Conservative author invokes panic with $1K reward for videos of Muslim students praying
Kevin J. Johnston of the Freedom Report, a right-wing news site based in Canada, is now offering a $1,000 reward for footage of Muslim students engaging in "hate speech during Friday prayers."
Johnston, an author and editor, uploaded a three-minute video to YouTube announcing the prize on Wednesday and is specifically looking for footage from Ontario's Peel School District. Johnston has targeted the Peel School District because he believes Friday sermons at Peel schools are given in Arabic and include hate speech.
"We pay taxes to have our school turned into madrassas and mosques," Johnston says in the video, promising viewers the reward "if you get us the evidence we need to put these kids, the imams, [Peel School Board Chair] Janet McDougald in jail for hate speech and inciting hatred in our public schools, which are supposed to be centers of education and free thought, not mosques."
In order to receive the $1,000 cash prize, Johnston says the footage must identify the student, have their face visible and be submitted within 24 hours of it being filmed. Johnston also says that he would allow the winner to wear a mask upon receiving the award. He also suggests applicants use hidden cameras to obtain such footage, a clear infringement on the right to privacy.
"Whatever it takes, get that to me," Johnston says. "I am offering $1,000 of my own money, cash reward, for any of you out there that can sneak a camera into one of these mosque-eterias or mosque stages or mosque gymnasiums and get me the footage."
For about two decades, Muslim students have practiced their Friday, or Jummah, prayers inside Peel schools. But controversy began when the school board reviewed whether or not students should choose from six sermons prewritten for them or if they could write their own.
In early January, the board slightly changed to the current prayer policy: Students can still write their own sermons, but they must have a staff member supervising the religious service. Contrary to Johnston's claim, Peel students deliver their own sermons in English. The only exception is when verses from the Qu'ran, which is written in Arabic, are recited.
But then on March 23, anti-Muslim activists and parents disrupted a school board meeting with shouts of Islamophobic epithets, hoping to pressure the school board into ending religious accommodation for Muslim students. One man at the meeting ripped up the Qu'ran and another walked all over the pages that fell on the floor. Vice Canada reporter Tamara Khandaker posted a video on Twitter of the raucous meeting.
Johnston has often used language targeting people's race, religion or nationality. The anti-Muslim activist has made headlines in the past for leading a campaign to prevent the construction of a mosque in Mississauga, Ontario. Johnston did not respond to Mic's request for comment.
Johnston's tweet below refers to Canadian Prime Minister Justin Trudeau as a "jihadi" for being pictured sitting between parliament members Iqra Khalid and Omar Alghabra. Khalid and Alghabra, whom Johnston referred to as "terrorists," are both Muslim.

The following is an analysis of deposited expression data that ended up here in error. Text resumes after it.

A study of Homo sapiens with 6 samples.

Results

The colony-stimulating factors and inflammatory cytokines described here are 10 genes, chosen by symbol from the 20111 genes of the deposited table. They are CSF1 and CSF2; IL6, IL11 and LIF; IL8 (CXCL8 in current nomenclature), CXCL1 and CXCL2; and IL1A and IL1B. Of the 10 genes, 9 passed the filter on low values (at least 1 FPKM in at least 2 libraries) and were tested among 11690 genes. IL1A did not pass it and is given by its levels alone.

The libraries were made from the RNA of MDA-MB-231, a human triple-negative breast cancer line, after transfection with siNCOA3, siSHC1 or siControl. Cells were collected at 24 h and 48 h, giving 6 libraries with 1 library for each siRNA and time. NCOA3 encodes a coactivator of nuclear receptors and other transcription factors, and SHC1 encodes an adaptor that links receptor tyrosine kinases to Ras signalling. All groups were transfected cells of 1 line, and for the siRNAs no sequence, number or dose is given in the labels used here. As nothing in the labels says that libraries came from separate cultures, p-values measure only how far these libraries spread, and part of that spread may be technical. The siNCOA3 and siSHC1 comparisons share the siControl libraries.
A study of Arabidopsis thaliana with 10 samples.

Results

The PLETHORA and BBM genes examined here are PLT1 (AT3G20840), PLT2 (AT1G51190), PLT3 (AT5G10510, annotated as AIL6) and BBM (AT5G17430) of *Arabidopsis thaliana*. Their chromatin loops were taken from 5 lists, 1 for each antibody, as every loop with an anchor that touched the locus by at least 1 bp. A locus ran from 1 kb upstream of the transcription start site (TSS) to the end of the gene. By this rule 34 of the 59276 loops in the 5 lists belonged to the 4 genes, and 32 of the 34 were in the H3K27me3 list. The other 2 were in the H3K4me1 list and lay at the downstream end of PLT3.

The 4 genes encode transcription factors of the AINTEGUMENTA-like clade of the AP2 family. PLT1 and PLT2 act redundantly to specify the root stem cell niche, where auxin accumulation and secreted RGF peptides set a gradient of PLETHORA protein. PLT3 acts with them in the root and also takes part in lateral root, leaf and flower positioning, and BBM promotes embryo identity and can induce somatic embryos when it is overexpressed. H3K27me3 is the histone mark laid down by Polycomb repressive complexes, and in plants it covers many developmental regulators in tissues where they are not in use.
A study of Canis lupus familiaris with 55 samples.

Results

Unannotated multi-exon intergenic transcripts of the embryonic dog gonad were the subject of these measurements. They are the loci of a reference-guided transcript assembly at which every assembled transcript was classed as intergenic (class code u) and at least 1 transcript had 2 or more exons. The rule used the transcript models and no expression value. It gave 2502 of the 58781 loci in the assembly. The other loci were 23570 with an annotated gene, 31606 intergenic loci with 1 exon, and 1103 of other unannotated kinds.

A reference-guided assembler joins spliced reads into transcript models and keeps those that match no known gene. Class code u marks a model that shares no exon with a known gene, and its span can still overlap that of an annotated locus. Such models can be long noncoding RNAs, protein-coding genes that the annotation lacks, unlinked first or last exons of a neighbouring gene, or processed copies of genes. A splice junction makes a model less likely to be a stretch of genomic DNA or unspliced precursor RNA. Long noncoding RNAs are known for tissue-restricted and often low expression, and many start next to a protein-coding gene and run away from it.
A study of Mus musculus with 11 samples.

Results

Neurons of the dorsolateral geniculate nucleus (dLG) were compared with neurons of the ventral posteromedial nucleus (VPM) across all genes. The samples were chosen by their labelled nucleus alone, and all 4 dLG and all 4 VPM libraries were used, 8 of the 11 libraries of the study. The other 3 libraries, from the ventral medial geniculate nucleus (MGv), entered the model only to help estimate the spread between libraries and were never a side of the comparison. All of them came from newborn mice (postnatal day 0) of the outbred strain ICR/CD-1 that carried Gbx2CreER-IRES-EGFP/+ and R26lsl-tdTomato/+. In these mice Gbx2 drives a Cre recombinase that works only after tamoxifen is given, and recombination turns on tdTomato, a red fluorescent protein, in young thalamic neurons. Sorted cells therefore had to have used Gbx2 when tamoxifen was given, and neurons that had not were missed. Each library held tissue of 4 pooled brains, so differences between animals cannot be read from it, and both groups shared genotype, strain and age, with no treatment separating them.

The Peel School District issued a memo in response to Johnston's video encouraging faculty, students and the community to be "extra vigilant" when overseeing prayer services in their schools, CBC reported.
"It is important that you make staff who supervise Friday prayer at your school aware of this challenge and ask them to be extra vigilant in their supervision and that this invasion of privacy is not appropriate," Brian Woodland, director of communications at Peel School District, wrote in the memo.
According to CBC, the Peel Regional Police said its diversity unit will be looking into Johnston's video contest. It said that it's too early to say if it the video has broken any laws yet.
While the video contest is targeting Peel District Schools, high school and college students across Canada are expressing fears over the heightened anti-Muslim sentiment in their country.
Haneen Alhassoun, a 20-year-old Carleton University student, said she's been to many Friday sermons in Canada and she's never heard anything anti-Semitic, anti-women or similar to what Johnston alleges.
"I think people who don't understand the religion make the assumptions that we're inherently anti-Semitic," Alhassoun said in an email interview. "It's not something new."
Noorulabdeen Ahmad, 18, a journalism student at Carleton University, said in an email interview that his first thought upon hearing about Johnston's video contest was if Muslim students would resist by creating fake footage of themselves to cash in on the $1,000.
"I don't think that I'd carry through with it," Ahmed said. "But definitely some may try."
Ahmed said "witch hunts" on Muslims, like Johnston's video contest in Canada, is not out of the ordinary. His biggest fear, however, is young Muslims will feel pressured to hide their identities and reject their faith to avoid being targeted altogether.
"This is a witch hunt on Muslims," Ahmad said. "This is going to impact younger Muslims. It will make them question themselves and their faith without ever knowing why they are being specifically targeted."
Unfortunately, that's already happening.